Since Florida Gov. Ron DeSantis took office, he’s made it clear how he feels about medical marijuana – he is pushing to end a state ban on smokable medical marijuana.
Patients finally have a governor who supports a doctor’s recommendation on how to take their medicine.
“It was overwhelming support for it, we’ve just got to enact a statute that is going to pass constitutional muster, and I think what they did before was below the threshold,” DeSantis said.
But new leaders in the Florida legislature are still hesitant.
New House Speaker Jose Oliva of Miami-Dade says smoking marijuana is just a push toward legalizing it recreationally.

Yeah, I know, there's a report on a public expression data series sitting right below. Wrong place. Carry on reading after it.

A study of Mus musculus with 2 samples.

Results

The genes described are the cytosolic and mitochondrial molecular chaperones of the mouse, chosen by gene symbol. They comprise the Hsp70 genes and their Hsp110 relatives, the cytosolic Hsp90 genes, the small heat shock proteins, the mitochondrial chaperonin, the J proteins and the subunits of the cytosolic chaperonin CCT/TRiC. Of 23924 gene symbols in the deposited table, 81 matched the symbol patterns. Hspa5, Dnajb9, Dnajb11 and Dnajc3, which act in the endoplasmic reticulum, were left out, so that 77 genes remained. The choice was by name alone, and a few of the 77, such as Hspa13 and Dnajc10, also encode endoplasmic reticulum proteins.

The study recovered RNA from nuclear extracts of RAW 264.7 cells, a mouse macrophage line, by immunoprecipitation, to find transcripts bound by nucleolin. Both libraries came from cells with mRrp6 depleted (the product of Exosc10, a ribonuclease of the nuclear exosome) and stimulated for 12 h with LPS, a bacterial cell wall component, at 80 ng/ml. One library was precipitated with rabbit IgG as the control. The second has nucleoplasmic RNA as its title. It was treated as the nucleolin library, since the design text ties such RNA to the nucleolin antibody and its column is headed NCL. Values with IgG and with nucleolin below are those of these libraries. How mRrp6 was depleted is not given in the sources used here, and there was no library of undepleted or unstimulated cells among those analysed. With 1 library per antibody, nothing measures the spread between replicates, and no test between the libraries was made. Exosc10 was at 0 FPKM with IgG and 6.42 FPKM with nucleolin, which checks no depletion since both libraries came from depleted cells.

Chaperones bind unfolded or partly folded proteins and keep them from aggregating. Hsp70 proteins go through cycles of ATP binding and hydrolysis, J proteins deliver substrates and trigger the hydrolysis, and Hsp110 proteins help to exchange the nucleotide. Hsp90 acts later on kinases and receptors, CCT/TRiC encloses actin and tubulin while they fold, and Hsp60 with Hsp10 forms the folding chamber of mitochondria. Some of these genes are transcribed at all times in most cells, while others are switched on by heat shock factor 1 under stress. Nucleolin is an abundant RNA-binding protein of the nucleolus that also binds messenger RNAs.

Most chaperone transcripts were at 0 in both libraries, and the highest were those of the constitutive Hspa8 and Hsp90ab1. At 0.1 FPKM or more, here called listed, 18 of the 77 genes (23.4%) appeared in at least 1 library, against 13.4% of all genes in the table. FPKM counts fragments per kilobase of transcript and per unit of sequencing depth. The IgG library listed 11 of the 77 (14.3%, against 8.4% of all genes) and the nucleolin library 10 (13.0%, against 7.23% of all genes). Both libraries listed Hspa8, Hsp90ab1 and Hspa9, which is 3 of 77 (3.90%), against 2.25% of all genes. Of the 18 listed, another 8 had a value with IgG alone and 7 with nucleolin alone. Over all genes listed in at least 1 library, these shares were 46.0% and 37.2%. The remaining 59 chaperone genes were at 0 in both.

“Is one to believe that an 8-year-old child should be smoking marijuana, inhaling smoke into their lungs. I’ve been in the smoke business my entire life and I’ve never heard anyone say it’s good for you,” Olivia said.
Enter Agriculture Commissioner Nikki Fried, the only statewide-elected Democrat and a former marijuana lobbyist who wants to protect patients’ rights. She could be just what the doctor ordered.
“Our first priority is the patients. Patients not having the ability to get all forms of medical marijuana is what’s hindering so much of the progress of these patients,” DeSantis said.
He’s asking the Legislature to repeal a provision in Florida’s law that prohibits smokable forms of the plant. If it doesn’t by mid-March, he said he will drop an appeal filed under his predecessor, now U.S. Sen. Rick Scott, that seeks to keep the ban in place.
In 2016, more than 71 percent of Florida voters approved a constitutional amendment allowing medical use of marijuana. DeSantis said the current law doesn’t reflect the will of voters and that it’s not up to him what form of marijuana patients use to treat debilitating illnesses.